There has been a significant reduction in gunshot mortality of red wolves over the last year, ever since coyote hunting was restricted in the wolves’ North Carolina habitat as a result of legal action taken by AWI and allies. Nevertheless, the red wolf remains in dire need of the protections guaranteed to listed species under the Endangered Species Act (ESA). Recent detrimental actions by the US Fish and Wildlife Service (USFWS)—the federal agency tasked with oversight of red wolf recovery—however, indicate that the agency is abandoning its commitment to the successful reintroduction of the species. Therefore, on September 1, AWI, Defenders of Wildlife, and the Red Wolf Coalition notified the USFWS of an intent to sue the agency over its mishandling of the recovery effort.
Among other things, over the last two years the USFWS has provided permits to kill two red wolves, at least one of whom was a female exhibiting denning behavior (indicating that she was pregnant or currently had pups somewhere). This wolf had previously contributed four litters to the population. While the law allows the USFWS in some instances to provide a permit to kill a red wolf, it can only do so in instances where it is deemed absolutely necessary—such as in direct defense of human life, pets, or livestock. Private property owners may also harass red wolves to get the animals to leave their property, provided that the methods used are not lethal or physically injurious to the animals. Additionally, a red wolf may be killed only “after efforts by project personnel [from the USFWS] to capture the wolf have been abandoned” and permission is obtained in writing from the project leader or biologist.
It is this “efforts abandoned” clause that the USFWS has grasped onto as an excuse for these permits, claiming that it provided the landowners with permission to kill these red wolves only because the landowners would not allow the USFWS to come onto their property to relocate the wolves elsewhere.
In summary: The USFWS claims it wants to relocate the wolves. The landowners refuse access to their lands. And the agency feels its only choice at that point is to issue the kill permits? That does not sound like an agency intent on furthering red wolf conservation. Certainly, it does not indicate much of an effort to save these particular wolves. Even worse, the USFWS has not been able to cite any problem or offending behavior from the animals in question. Expending such paltry effort to preserve the life of a breeding female who was not known to be causing problems, in fact, might be considered the exact opposite of reasonable efforts to recover the species.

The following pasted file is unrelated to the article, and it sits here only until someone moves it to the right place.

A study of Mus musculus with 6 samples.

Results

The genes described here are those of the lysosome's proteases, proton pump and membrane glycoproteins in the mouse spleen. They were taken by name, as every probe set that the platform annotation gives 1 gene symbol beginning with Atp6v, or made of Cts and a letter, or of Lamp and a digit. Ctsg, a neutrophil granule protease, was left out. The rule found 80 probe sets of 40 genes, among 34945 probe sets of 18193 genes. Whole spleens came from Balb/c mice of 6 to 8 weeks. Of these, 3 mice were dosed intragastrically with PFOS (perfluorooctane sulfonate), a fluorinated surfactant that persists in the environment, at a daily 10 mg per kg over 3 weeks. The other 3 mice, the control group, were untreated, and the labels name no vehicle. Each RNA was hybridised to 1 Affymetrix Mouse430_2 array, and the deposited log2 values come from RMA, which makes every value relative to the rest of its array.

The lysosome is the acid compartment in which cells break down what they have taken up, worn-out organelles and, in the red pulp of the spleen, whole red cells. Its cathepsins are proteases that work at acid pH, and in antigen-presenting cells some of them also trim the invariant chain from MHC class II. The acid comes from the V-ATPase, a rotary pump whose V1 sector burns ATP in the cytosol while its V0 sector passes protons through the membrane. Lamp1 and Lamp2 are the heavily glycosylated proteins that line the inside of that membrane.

At the same time, the USFWS suddenly started quoting a total population of 50–75 red wolves in North Carolina—an abrupt and unexplained decline from the previously quoted 90–110 individuals. And, in addition to giving out permits to kill red wolves in the face of estimates that—if true—would indicate that the population was in a more precarious position than previously supposed, the USFWS also announced that it would cease reintroductions of wolves into the recovery area until the agency is able to assess the “feasibility of recovery” for the species.
Red wolf reintroductions—specifically, pup cross-fostering—have been a crucial part of keeping the population at the status quo for the last 25+ years. Wolves will sometimes die not only due to gunshot, but also from other causes such as mange or vehicle strikes. Bringing in red wolf pups bred in facilities such as the Point Defiance Zoo and Aquarium in Tacoma, Washington, helps offset some of these losses. Personnel would place the zoo-bred pups in dens with other pups, enabling a wild mother to adopt them, thus contributing to the population’s overall numbers each year. Also, in the past, private landowners who wanted red wolves on their property could work with the USFWS and participate in the conservation program. This has been the case for some farmers, in particular, who feel that the wolves scare off and prey on species such as nutria that would otherwise destroy their crops.
It appears that the USFWS, for reasons unknown, has decided to ignore the hundreds of thousands of comments that it has received in support of the red wolf recovery program from local landowners and citizens all over the country, and instead implement a slow death for the program simply because the North Carolina Wildlife Resources Commission—which apparently exists solely to serve hunters and trappers—wants the program to go away. The antagonism toward red wolves is especially frustrating given that red wolves—smaller, shier, and more elusive than gray wolves—tend not to get mixed up in human-wildlife conflicts, preferring instead to steer well clear of humans and their livestock.
Through the notice of intent to sue, AWI and its allies have given the USFWS 60 days to remedy these problems, or face a lawsuit. Specifically, the notice requests that the agency immediately stop granting permits for landowners to kill red wolves on private land. It also requests that the USFWS conduct a status review of the species, as is required under the ESA every five years. The most recent one was done in 2007.
There is hope for these wolves—they are resilient—but whether the agency tasked with their recovery is also resilient remains to be seen. A population of 50–75 can bounce back in the same way that the original 14 red wolves reintroduced into North Carolina in 1987 were able to grow to 130 by 2006. However, in order to do this, they need the oversight of a USFWS committed to complying with the ESA and recovering an imperiled species, rather than one that is apparently hell-bent on bowing to a state agency in the thrall of special interest groups.
AWI and partners have developed a website to help educate the public about and increase support for red wolves. Please visit www.thetruthaboutredwolves.com for more information.